Generally speaking, in New Mexico, a covenant not to compete means that the employee will agree not to work for any of their employer's competitors upon leaving the company. Such agreements are also known by the term "non-compete clauses". An employee who signs a covenant not to compete may receive compensation for the agreement, or in some cases the agreement is a condition for their being hired.
When are Covenants not to Compete Unenforceable?
Whether or not a judge will conclude that the covenant is enforceable can be difficult to know beforehand. Even though the interests of an employer are important, New Mexico courts value a person's freedom to select the type of employment that they desire. Thus, courts will typically uphold only those covenants not to compete that they conclude to be reasonable. Covenants not to compete that a court will categorize as unreasonable include provisions that last for a long duration or that restrict the employee to an unreasonable geographic area around Sunland Park.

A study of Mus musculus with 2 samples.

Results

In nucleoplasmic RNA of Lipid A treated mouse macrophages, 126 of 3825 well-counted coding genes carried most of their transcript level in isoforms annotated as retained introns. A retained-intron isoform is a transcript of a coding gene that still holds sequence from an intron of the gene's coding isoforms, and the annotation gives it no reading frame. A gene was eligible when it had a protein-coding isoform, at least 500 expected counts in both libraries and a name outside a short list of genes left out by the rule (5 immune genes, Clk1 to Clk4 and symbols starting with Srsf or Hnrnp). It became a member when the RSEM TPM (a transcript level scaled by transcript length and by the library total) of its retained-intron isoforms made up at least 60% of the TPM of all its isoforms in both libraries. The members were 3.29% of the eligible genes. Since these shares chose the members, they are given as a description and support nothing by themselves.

Non-compete clauses are also limited in that they can only apply to competitors who are reasonably related to the industry of the employer. Lastly, the employer needs to have an acceptable business interest which justifies their motives in requiring their employee to sign a covenant not to compete.
Do I Need an Attorney when Dealing with a Covenant not to Compete?
Before signing anything that may restrict your rights, you may want to hire a Sunland Park, New Mexico attorney to review the contract. A lawyer can then negotiate to modify the covenant as needed, or may even draft a new one that is acceptable to both parties Employers can receive useful advice from an attorney should they decide to sue a worker for breaching a covenant, and employees who have signed such covenants can also benefit from a lawyer's counseling.